Tuesday, December 19, 2023

Digital Ludeme Project: Modelling the Evolution of Traditional Games

 [First posted in AWOL 3 October 2019, updated 19 December 2023]

Digital Ludeme Project: Modelling the Evolution of Traditional Games

Modern Artificial Intelligence for Ancient Games
Cameron Browne

Thousands of games have left evidence of their existence scattered throughout history. They hide a wealth of information: for example, about the culture of the people that played them and about the cultural influences those players were subjected to. However, our knowledge about historical games is limited. What little we do know relies on interpretation. The Digital Ludeme Project aims to reconstruct the missing knowledge of ancient games using state-of-the-art artificial intelligence. The goal is to construct a ‘family tree’ of games, showing how games evolved and spread across the world.

Consider the Indian game of Pachisi and the Mexican game of Patolli. At first glance, they look remarkably similar: both game boards are shaped like a plus and some of the cells appear crossed out. Are they the same games? Do they share a common ancestor? While there is currently no way of knowing, the Asian and North-American games pre-date Columbus’ journey to the Americas in 1492. Columbus is typically credited with the discovery of a new continent, but the obvious similarities between Pachisi and Patolli raise some questions.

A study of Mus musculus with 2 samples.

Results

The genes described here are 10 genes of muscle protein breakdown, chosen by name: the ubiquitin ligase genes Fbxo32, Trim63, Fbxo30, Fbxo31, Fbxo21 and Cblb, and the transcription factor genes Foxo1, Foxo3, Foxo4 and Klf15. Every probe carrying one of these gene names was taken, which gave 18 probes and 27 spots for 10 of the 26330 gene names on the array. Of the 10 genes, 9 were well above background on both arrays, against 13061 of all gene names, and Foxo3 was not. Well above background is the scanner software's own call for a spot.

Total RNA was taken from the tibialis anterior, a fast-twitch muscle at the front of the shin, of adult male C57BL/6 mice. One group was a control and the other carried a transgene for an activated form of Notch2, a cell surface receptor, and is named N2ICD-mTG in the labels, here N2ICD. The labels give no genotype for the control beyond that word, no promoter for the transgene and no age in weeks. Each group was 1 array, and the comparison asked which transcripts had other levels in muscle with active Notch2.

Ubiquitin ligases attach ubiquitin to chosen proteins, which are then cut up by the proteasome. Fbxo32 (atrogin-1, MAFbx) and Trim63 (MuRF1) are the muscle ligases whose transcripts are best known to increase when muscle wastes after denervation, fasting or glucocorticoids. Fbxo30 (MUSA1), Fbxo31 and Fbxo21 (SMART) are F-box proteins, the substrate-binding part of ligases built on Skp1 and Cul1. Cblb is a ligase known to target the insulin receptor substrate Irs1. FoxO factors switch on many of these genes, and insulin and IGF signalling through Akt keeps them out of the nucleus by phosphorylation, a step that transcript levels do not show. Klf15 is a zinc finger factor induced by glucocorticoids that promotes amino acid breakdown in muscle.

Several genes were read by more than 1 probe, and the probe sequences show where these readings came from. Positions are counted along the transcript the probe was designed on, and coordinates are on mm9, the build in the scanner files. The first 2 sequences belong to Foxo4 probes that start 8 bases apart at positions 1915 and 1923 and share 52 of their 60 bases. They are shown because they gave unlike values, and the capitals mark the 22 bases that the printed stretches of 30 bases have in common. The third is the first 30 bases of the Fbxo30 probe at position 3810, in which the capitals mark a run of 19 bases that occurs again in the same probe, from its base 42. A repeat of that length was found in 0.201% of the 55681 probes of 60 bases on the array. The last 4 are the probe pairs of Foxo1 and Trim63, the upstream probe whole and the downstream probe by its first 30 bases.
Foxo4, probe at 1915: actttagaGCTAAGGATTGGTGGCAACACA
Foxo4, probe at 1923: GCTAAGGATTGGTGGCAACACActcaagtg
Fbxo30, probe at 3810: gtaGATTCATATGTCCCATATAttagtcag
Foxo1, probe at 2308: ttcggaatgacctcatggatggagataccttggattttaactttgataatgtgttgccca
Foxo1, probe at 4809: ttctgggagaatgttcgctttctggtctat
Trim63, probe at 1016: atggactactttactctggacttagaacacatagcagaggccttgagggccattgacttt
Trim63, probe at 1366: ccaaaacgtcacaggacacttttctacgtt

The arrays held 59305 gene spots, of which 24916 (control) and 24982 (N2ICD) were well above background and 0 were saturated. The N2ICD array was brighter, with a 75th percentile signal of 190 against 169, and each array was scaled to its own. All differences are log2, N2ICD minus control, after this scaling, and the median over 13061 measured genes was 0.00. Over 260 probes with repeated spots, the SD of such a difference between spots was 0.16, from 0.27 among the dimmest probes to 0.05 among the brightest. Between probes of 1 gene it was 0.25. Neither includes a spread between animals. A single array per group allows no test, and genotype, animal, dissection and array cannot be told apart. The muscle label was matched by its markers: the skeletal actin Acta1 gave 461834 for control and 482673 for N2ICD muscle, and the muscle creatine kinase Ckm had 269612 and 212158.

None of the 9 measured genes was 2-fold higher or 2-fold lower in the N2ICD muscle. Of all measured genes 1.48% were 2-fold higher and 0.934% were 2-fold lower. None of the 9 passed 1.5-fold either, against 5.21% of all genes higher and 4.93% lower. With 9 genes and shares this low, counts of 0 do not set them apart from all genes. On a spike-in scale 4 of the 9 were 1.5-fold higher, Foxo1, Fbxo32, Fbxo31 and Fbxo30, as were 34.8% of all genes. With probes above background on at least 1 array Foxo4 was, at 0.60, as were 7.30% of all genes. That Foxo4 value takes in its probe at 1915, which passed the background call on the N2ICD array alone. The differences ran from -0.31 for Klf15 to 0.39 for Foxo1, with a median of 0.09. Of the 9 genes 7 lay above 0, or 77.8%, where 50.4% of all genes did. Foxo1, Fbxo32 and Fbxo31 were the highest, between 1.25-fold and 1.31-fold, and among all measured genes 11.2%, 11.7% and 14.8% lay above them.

Pachisi (left) and Patolli (right).
Image credit: Daniel Schwen (right, CC BY-SA 4.0)

Of course, it could all be a coincidence. Pachisi and Patolli may not be the same game, and even if they are, they could have arisen independently. There is no way of telling without knowing the details of these games. For example, the boards used to play chess and checkers appear alike, but the games are far from identical. Conversely, two chess sets may look different while they are still used to play the same game. We can say this only because we know chess and checkers well.

Reconstructing Lost Knowledge with Ludii

This is not the case for the vast majority of ancient games. Scholars learned of them through artefacts hidden away in tombs, travel diaries, boards carved out in rocks or hieroglyphs, for example. Based on such limited information, it is impossible to determine whether games are related, and where and when those relations came about. The Digital Ludeme Project aims to fill these gaps in historical knowledge. To do this, we are developing an advanced platform that uses artificial intelligence to reconstruct approximately one thousand historical games.